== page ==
Only if the National Guard is posted!
The Capital Times is trying to dig out from its disastrous demand that Madison’s public high schools evict school resource police officers. Editor Paul Fanlund kickstarts the back pedaling by riding former police chief Noble Wray’s call for a “summit” on police in schools.
How this summit might transpire, we are never told. If as an in-person conclave, shock troops from Freedom Inc., Progressive Dane, and BLM would disrupt it. That’s how they got the school board president last year to cave — by F-bombing her home with bullhorns and signage.
Fanlund tries to explain away his myopia: “There was longstanding criticism that the SROs (school resource officers) were part of a ‘school-to-prison pipeline’ that contributes to the frighteningly disproportionate number of people of color in our prison system. It’s hard to see Wray as any kind of agent of such a pipeline,” the editor acknowledges — since Wray is a black man as is current Police Chief Shon Barnes, who also champions police in schools.
Fact is, Freedom Inc. et al never represented black or brown Madison — only their own Marxist ideology.
Talk about weak arguments!
The current school board is locked in to Woke nihilism. Incumbents Ananda Mirilli and Cris Carusi are not seeking re-election but Ali Muldrow is. All three voted to expel police officers from our four troubled high schools while resisting suspending the young troublemakers because “EQUITY.” Some of those kids managed to shut down East high school in November for the one-third of its enrollment who stayed home, fearing violence. (Candidates have 22 days to file for the April election next year. See sidebar at right.)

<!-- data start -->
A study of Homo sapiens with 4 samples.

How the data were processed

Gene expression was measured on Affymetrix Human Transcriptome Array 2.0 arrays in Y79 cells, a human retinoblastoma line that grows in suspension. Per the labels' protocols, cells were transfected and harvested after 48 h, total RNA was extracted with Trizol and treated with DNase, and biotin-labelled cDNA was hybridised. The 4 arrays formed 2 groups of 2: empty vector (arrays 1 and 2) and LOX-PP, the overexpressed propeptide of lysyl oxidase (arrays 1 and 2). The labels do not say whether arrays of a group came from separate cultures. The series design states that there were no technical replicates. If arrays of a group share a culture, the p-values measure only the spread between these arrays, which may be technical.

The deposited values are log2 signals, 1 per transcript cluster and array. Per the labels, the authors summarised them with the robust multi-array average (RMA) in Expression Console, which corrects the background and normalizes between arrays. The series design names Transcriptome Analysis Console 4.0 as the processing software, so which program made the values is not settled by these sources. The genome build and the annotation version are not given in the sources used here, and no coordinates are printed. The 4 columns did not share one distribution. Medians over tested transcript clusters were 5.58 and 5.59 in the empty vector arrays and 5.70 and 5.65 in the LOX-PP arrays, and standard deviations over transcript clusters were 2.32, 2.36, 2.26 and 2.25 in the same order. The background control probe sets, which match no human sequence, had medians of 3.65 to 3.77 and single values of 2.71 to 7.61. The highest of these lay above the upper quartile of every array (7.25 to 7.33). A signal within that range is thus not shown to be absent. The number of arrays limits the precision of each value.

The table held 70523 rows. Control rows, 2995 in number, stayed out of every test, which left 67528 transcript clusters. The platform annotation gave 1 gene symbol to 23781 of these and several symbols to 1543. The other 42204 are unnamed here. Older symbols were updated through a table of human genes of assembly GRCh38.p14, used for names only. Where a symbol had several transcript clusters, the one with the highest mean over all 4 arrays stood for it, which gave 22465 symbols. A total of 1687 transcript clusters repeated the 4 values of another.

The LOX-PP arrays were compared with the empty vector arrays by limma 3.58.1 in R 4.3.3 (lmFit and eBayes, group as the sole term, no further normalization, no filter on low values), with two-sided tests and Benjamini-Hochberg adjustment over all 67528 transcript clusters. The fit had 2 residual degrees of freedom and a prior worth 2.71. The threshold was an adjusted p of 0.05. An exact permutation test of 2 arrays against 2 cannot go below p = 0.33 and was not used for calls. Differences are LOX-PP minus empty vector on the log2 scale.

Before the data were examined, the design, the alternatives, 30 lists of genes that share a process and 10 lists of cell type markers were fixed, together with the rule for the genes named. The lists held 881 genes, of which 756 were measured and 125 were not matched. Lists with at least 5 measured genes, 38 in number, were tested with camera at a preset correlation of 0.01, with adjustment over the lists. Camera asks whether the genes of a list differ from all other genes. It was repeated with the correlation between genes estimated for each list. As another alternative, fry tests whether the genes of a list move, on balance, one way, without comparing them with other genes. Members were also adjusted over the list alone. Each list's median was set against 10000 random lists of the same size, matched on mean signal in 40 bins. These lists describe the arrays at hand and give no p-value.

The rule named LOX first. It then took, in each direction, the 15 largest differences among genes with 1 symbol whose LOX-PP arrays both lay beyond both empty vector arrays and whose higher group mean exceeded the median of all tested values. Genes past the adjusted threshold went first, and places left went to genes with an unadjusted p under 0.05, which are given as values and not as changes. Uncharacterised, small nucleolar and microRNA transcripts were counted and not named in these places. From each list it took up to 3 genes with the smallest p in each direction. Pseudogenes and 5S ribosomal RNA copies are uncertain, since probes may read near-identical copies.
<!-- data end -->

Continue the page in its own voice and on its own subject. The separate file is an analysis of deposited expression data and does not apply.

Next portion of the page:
But the CT was all-in on defunding police in schools at the time. Forget not its infamous 06-22-21 editorial: “It is time to stop stationing police officers in Madison schools:”
The board should vote to remove the SROs for two reasons.
First, this shift in approach is appropriate and necessary. The arguments for it are strong. The arguments against are weak.
Second, the change can be a starting point for a host of changes that need to be made to create new models for public safety and public service in Madison and Dane County.
Blaska’s Bottom Line: Hard to argue with “logic” that circuitous. Hard to take seriously any source that spectacularly wrong.